Well i hope its not the oil pump because the oil pump works with the speed of the engine when it turns and as you know when the engine turns fast the oil pump turns fast too and the more you accelerate the faster the oil pump turns, that means there is more pressure of the oil to go up top the engine and when the engine idles, The pump turns slowly, and doesnt pump enough oil up top the engine and the oil pressure switch dosent detect any oil passing by then it send a message that the pressure is low. So check your oil pressure during idle. Good luck Bro
with the cap off when you start the car does the water shoot out? if so the head gasket is blown and when the cap is tight the water is pressurized by the leaking head gasket and will cause to overheat from pressure blowing all the water out of the overflow. or the head gasket leak is boiling the water in the head and causing the water to overheat. this is my guess or you have a coolant leak somewhere over the exhaust and it isnt making it to the ground from evaporation. check for swollen hoses. if you have swollen hoses ill bet they are covered in oil this will break down the rubber and weaken the hoses keep all oil leaks from getting on your hoses at all times as this will destroy them.if you need to replace the cap then the pressure release in the cap is worn out or stuck and the pressure isn't reaching the over flow. replace cap and see if problem is resolved.overheating isn't usually caused by a cap. but cars differ in design and the thermostat may need the pressure to release properly. if that doesnt work try replacing the thermostat it is responsible for releasing hot water from the engine to the radiator to be cooled by the fan then close off so the water can cool in the radiator. if this cycle doesnt work properly then the thremostat is usually the culprit. replace as nessesary. good luck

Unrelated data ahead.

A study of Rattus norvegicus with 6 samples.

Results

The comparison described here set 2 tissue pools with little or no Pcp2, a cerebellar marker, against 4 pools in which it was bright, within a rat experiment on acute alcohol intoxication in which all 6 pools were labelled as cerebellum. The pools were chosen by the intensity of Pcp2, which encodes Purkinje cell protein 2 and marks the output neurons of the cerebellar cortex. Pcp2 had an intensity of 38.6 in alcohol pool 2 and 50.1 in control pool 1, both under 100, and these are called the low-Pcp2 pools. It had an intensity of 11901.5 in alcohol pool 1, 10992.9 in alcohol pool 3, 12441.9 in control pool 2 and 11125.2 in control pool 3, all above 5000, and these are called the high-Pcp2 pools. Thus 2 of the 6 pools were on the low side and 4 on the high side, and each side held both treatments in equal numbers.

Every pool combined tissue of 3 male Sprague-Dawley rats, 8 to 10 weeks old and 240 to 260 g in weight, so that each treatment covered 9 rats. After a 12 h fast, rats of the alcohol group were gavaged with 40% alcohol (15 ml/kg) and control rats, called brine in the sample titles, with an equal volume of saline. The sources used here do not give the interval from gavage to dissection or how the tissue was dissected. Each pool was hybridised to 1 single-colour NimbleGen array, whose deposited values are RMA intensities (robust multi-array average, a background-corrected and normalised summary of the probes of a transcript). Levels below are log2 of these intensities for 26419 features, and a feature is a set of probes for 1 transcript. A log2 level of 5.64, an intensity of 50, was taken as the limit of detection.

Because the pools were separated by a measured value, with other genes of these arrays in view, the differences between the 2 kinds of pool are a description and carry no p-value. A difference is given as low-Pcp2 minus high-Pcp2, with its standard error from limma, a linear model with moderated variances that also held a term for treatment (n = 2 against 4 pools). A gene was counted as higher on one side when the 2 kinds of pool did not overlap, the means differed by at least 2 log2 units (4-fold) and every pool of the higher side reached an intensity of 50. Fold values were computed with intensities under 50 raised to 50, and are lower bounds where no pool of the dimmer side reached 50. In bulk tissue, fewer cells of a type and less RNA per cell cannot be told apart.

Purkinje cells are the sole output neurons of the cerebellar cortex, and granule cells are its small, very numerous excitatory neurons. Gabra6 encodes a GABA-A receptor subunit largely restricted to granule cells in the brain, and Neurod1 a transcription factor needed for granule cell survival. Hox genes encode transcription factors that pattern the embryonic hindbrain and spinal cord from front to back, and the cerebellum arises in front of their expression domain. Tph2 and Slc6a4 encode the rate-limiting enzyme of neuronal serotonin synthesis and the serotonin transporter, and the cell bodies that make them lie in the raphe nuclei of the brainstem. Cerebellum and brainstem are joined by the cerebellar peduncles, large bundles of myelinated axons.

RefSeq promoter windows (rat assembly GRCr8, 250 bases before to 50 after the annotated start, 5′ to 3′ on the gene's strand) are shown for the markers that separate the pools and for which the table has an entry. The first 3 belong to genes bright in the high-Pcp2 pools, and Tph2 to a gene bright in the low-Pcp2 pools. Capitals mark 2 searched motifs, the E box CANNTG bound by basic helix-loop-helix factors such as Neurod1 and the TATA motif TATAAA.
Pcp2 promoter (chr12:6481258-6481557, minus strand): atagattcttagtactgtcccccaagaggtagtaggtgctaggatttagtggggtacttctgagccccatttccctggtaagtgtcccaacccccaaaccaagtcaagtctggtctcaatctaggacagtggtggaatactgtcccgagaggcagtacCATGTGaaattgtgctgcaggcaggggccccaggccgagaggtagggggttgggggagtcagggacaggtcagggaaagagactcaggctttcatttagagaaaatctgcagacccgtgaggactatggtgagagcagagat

On the 325 series I have worked on (your year, make, model), I have found that idling issues like you describe are the result of a defective oxygen sensor. Replace the oxygen sensor with a Bosch unit. That should take care of your issue.
Oil pressure might actually be a bit high for idle. High or low oil pressure in an older engine tends to be indicative of some serious issues. Oil pressure that is too high tends to be a clue that you have serious carbon build up. That aside, have you tried running a higher octane fuel, or perhaps adding an octane booster to your normal grade? Pinging can become knocking in a badly worn engine. One recommendation: At your next oil change try substituting a quart of marvel mystery oil or lucas engine oil treatment in place of one quart of your normal oil. Both have some pretty good track records for helping to free up sticking valves and break up carbon in older engines. I'm an old timer myself, and I personally swear by Marvel for older engines. There is no "rebuild in a can" but Marvel comes close. Give those a shot, let me know what happens.
On most newer cars there is a fast idle motor controlled by the computer that will hold the fast idle till the engine reaches a preset temp in the computer then the engine should drop down to the set idle according to specs for that car. If the oil pressure continues to stay low after the idle goes down you may need to replace the oil pressure sending unit or if worse case the oil pump.